Department of Veterans Affairs ask central Texas veterans for co - KXXV-TV News Channel 25 - Central Texas News and Weather for Waco, Temple, Killeen |


 The Central Texas Veterans Affairs department is inviting local veterans and their families to a town hall meeting, in hopes of addressing veteran concerns.

The meeting, which will be held at 5:30 on Thursday at building 171 on the Temple VA campus, will give veterans an opportunity to raise questions, comments and concerns to VA officials. Hospital staff and some congressional staff is also expected to field questions from attendees. 

"I want them to express their concerns," said Public Affairs Officer, Deb Meyer. "[It's to] let them, let us know what we're doing right and what we're doing wrong."

The department has been under fire in recent months after patients across the country have brought problems of extreme wait times for treatment, in some cases leading to the death of veterans. Town halls have been held in other facilities around the state and have raised issues like difficulty with the automated telephone system, dealing with doctors and parking and accessibility problems. Veterans in central Texas said dealing with wait times was also their largest concern.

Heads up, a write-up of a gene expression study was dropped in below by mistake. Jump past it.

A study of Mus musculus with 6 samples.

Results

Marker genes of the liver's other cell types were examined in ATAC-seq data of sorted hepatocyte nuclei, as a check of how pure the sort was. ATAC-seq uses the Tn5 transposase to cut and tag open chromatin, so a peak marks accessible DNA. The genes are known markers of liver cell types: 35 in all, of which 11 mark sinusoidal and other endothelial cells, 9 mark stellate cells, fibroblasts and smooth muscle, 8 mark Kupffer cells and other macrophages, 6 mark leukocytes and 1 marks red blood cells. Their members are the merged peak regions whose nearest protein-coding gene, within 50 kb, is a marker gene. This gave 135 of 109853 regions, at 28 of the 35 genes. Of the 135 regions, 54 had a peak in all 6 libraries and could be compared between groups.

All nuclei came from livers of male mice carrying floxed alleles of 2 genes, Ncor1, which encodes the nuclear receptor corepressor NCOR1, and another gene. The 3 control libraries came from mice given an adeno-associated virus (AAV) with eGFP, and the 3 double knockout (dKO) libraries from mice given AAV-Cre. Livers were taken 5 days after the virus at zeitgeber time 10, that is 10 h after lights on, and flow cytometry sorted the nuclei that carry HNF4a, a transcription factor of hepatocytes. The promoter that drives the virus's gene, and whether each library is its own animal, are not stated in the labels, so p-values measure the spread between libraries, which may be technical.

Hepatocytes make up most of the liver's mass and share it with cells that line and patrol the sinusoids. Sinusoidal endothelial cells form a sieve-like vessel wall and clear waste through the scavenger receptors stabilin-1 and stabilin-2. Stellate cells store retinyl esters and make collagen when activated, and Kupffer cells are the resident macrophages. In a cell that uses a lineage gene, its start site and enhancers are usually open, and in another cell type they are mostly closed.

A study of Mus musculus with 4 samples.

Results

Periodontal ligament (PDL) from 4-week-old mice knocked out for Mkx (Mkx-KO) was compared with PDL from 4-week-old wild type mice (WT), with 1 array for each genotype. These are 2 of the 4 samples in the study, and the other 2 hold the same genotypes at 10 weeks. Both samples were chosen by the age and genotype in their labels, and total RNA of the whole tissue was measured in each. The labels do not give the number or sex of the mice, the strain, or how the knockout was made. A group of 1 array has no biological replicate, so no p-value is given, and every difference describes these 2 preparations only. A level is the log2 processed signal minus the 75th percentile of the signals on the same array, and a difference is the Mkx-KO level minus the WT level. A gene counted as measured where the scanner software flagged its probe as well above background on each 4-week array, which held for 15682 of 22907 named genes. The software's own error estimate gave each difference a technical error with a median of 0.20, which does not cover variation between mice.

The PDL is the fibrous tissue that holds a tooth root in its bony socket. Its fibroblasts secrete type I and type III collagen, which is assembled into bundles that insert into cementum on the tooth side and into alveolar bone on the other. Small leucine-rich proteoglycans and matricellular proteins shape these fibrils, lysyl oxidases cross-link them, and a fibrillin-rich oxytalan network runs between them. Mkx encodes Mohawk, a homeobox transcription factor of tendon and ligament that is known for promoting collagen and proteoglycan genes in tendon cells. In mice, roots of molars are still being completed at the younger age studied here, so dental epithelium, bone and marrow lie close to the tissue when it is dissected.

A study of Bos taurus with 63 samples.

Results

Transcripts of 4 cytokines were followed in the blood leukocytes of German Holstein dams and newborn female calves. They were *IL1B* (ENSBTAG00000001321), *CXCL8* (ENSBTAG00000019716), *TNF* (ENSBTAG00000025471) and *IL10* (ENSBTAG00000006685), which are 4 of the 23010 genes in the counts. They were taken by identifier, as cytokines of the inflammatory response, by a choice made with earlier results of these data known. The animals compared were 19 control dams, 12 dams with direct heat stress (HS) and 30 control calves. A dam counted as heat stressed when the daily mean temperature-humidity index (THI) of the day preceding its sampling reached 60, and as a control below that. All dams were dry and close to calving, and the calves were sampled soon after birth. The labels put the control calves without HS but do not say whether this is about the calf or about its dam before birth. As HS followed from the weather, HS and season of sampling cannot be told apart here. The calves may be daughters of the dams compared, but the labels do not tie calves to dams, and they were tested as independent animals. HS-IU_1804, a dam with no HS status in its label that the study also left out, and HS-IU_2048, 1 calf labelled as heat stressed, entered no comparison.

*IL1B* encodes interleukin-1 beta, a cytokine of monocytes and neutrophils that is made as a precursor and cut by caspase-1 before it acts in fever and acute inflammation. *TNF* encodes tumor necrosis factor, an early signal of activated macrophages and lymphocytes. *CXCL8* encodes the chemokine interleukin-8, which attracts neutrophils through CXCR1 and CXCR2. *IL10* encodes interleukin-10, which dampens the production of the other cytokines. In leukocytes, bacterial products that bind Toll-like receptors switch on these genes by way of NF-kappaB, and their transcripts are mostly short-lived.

"If I walk in, I need an appointment in a week, not a 90 days down the road. I could go blind in those 90 days," said Ruthmell Pursley, the commander at VFW 3892 in Harker Heights, who uses the VA to help treat vision complications from diabetes.

Pursley said he is also concerned that doctors and staff members don't understand what veterans are dealing with both mentally and physically because a majority of them are not veterans themselves.

"90 percent of the people there aren't veterans. They couldn't care less about a veteran," Pursley said. 

According to Meyer, more than 40 percent of the staff has served in the military and many have family ties to veterans or active duty members.

"I think that when this is over we'll see better care," said Meyer. "Always when there's change we see improvement."